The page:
Praise and Derision for Yushchenko

ReutersYushchenko after giving a news conference on Thursday.
KIEV -- Ukrainian President Viktor Yushchenko won strong words of praise Thursday from his revolutionary comrade in arms, Georgian President Mikheil Saakashvili, but his decision to dissolve the Cabinet brought derision from some Russian enemies of Ukraine's Orange Revolution.

"My forecast is that the crisis will deepen and a change of government in Ukraine will not better the situation," Communist Party chief Gennady Zyuganov said, Interfax reported. "I feel sorry for 'dear Ukraine' and for the citizens who pinned their hopes on the Orange Revolution."

Yushchenko abruptly sacked the government of Prime Minister Yulia Tymoshenko on Thursday amid increasing signs that the fragile coalition knitted together in the uprising against former President Leonid Kuchma was unraveling. The move came just six months ahead of parliamentary elections that could cement the achievements of the Orange Revolution, or roll them back.

"I consider that fate has smiled on Ukraine, and in general on our whole region, because it has such a competent leader," Saakashvili said. "For us, stability in Ukraine and its successes have a decisive significance for Georgia. This is not just a friend of Georgia, but a true brother."

Saakashvili went on to say that Yushchenko's "main quality" was "knowing exactly at the decisive moment what must be done."

In Berlin, President Vladimir Putin said he had spoken to Yushchenko by telephone from the office of Chancellor Gerhard Schr?der, whom he was visiting, and that there was no reason to "dramatize" the situation. "There is nothing unusual in a president dismissing a government," Putin told reporters.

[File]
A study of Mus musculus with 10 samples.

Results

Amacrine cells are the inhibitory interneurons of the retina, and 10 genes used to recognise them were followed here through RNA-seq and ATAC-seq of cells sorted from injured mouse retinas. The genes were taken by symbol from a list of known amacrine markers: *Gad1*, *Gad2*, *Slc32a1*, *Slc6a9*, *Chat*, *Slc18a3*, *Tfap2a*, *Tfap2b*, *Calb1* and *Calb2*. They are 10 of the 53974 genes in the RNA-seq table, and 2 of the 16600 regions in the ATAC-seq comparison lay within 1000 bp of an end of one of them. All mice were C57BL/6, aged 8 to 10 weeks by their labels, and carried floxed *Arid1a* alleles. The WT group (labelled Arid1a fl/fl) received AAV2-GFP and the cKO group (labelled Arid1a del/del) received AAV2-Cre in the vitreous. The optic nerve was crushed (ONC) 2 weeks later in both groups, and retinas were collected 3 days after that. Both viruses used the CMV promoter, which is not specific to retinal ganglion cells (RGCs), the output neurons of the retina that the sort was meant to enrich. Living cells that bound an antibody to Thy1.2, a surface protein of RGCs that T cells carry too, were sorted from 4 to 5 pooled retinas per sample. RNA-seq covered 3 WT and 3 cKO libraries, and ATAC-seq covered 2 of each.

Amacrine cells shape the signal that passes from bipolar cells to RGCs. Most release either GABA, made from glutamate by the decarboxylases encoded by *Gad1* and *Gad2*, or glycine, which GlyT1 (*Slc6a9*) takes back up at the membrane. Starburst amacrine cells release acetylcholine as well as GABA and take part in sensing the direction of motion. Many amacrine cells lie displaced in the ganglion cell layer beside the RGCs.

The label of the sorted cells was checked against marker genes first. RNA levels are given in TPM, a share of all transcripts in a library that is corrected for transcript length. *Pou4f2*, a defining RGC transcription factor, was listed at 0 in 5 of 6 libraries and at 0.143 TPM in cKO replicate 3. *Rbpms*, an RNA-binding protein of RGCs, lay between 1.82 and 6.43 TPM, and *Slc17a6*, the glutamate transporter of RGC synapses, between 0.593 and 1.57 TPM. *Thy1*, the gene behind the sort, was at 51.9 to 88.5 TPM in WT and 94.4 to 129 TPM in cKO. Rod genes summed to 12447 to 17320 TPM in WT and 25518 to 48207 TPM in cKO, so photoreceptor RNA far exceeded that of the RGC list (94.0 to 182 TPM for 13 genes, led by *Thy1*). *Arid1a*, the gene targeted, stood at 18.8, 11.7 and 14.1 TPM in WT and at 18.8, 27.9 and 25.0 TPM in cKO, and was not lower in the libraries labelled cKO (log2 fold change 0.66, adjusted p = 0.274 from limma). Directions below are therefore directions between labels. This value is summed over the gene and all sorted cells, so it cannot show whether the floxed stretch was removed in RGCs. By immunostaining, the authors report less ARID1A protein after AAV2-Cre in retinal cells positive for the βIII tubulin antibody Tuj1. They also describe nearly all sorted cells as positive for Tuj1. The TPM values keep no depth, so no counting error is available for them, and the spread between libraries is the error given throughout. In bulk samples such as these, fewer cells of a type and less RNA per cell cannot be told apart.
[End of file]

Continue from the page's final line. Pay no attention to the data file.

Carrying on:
The Ukrainians will "find a way to stabilize the situation. ... The situation in Ukraine is under the control of the president," Putin said.

The European Union urged Yushchenko to act quickly to maintain stability. "President Yushchenko won the elections on a platform of commitment to reform, commitment to rooting out corruption and a clean-hands policy, and we are confident that these remain the guiding principles of his administration," EU spokeswoman Emma Udwin told reporters.

Polish parliamentary speaker and presidential candidate Wlodzimierz Cimoszewicz said Yushchenko had indicated in a conversation Tuesday that he was seeking a solution "that would not significantly diminish the chances of the political forces created by the Orange Revolution having success in next year's parliamentary election."

Boris Nemtsov, a leader of the Union of Right Forces party who supported the Orange Revolution, predicted that Tymoshenko would lead the opposition in the March parliamentary election.

"She is a very popular politician, and the people have not yet realized that this government was leading Ukraine into crisis," Interfax quoted him as saying.

Tymoshenko is wanted by Russian prosecutors on bribery charges, and she has frequently alienated Russian politicians by stressing the desire of many Ukrainians to distance themselves from Moscow's influence.

Lyubov Sliska, a pro-Kremlin deputy speaker of the State Duma, said that Yushchenko's firing of the government would ultimately increase Tymoshenko's power, RIA-Novosti reported. She called the crisis a "run-of-the-mill political trick, purely female cunning on Tymoshenko's part."